Florida GOP Debate: Mitt Romney and Newt Gingrich Throw it Down


After Gingrich routed him in South Carolina, Romney was forced to change course from his usual try-not-to-lose strategy of appearing competent, inoffensive and vanilla.

Mitt apparently got the memo that in order to stop Florida (which holds its primary January 31) from becoming South Carolina redux, he actually has to show some fight.

As such, he blasted  as an influence peddler and disgraced politician in the debate, which marked the GOP race's most heated and personal exchanges to date.

Gingrich, the grand master of the 18 debates to date, and who pulled off a stunning upset in S.C. in large part due to some debate highlights, was, for once, thrown off.

The most shocking moment of last night may have been when Newt said nothing at all, briefly falling into a frustrated silence at one point amid Romney's barrage.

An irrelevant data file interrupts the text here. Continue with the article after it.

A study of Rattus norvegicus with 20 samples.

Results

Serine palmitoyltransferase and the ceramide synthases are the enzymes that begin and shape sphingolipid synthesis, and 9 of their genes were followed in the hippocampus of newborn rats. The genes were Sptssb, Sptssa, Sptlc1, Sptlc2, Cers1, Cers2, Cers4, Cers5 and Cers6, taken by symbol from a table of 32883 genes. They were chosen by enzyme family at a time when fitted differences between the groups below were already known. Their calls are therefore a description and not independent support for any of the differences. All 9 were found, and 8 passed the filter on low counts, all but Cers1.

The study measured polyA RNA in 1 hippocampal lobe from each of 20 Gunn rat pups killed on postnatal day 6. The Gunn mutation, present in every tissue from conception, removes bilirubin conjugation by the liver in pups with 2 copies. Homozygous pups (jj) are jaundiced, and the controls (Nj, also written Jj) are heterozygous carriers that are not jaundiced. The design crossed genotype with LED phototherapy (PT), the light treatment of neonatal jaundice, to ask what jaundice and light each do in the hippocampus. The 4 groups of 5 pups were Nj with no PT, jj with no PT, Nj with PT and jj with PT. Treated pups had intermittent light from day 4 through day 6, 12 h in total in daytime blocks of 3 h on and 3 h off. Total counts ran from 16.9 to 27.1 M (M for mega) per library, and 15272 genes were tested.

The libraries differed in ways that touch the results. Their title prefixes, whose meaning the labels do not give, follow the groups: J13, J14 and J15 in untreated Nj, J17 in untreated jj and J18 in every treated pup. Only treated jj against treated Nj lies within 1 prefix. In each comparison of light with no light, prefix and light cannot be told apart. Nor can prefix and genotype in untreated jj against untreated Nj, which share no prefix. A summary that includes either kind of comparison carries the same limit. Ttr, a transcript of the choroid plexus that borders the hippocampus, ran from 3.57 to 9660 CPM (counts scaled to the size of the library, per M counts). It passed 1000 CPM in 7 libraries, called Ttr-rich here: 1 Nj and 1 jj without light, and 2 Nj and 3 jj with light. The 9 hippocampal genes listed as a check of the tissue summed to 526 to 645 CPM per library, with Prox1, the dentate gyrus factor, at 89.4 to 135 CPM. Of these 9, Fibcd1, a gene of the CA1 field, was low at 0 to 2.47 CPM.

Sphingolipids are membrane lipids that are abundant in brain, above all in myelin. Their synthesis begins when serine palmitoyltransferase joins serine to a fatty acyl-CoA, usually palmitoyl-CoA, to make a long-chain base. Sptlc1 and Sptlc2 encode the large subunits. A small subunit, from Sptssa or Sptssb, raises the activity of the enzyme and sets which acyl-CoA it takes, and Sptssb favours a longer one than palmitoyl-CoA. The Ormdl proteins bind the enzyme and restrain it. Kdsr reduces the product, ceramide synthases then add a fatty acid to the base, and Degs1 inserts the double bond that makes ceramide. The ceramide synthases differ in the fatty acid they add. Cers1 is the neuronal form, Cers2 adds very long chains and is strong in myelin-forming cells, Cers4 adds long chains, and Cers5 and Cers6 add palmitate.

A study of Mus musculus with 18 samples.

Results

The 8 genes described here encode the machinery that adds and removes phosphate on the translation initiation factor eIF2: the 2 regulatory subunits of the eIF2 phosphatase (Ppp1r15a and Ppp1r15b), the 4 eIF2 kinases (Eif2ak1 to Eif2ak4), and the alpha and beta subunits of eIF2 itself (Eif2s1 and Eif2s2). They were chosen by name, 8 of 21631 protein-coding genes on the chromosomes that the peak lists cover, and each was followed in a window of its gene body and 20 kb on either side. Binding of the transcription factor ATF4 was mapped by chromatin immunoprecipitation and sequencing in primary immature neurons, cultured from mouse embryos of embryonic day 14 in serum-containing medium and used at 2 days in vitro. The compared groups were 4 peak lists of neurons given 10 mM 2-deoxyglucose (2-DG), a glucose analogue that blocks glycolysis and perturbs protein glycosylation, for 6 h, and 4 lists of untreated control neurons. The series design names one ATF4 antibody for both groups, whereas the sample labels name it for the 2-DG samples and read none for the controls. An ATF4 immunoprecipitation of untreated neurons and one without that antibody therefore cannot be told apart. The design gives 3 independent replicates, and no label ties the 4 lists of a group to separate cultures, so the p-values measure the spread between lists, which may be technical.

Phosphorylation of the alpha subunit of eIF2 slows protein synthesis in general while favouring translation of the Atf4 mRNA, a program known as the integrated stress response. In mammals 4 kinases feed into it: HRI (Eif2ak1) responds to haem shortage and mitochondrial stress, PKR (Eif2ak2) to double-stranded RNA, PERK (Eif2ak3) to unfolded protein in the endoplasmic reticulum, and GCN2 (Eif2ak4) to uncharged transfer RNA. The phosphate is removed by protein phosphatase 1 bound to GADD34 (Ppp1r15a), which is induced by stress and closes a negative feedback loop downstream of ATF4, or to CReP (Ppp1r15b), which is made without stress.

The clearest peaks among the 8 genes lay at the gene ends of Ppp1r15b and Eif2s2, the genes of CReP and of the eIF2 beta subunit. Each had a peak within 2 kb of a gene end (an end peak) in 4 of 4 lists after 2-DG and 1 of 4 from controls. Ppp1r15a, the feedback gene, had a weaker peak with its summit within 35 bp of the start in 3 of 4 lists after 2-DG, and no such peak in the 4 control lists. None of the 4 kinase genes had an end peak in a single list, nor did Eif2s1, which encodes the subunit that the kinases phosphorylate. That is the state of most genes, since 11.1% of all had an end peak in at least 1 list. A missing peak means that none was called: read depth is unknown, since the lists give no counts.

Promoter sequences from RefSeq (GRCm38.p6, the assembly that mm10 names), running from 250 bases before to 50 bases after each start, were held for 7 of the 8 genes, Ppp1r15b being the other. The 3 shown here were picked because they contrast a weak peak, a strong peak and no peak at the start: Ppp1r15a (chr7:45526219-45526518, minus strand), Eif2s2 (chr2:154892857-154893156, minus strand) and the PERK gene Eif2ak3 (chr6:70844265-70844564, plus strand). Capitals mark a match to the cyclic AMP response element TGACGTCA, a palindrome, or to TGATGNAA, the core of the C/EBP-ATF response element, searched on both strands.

The night epitomized the direction of the race. It's the insurgents vs. the establishment, with Newt hoping to mobilize the former and Mitt looking to swat him down.

Romney's rapid-fire attacks lambasted Gingrich for working as a Freddie Mac "historian" and advocating health care policies while being paid by health care companies.

"You've been walking around this state saying things that are untrue," an irate Gingrich replied, denying that what he did should be considered lobbying.

"You can call it whatever you like," Romney shot back. "I call it influence peddling. It is not right." Gingrich then contrasted himself as the candidate of bold ideas.

Comparing himself to Ronald Reagan, he called himself "exactly the kind of bold, tough leader" Americans want, "someone prepared to be controversial when necessary."

Romney cited his record running the 2002 Olympics and said Gingrich "resigned in disgrace" as House speaker after an ethics controversy ... which Newt disputed.

On and on it went. Rick Santorum and Ron Paul also participated, but you wouldn't know it at times, as the majority of the questions went to Newt and Mitt.

A whopping 21 for Newt, 21 for Mitt, 12 for Rick, and 8 for Ron, by our count.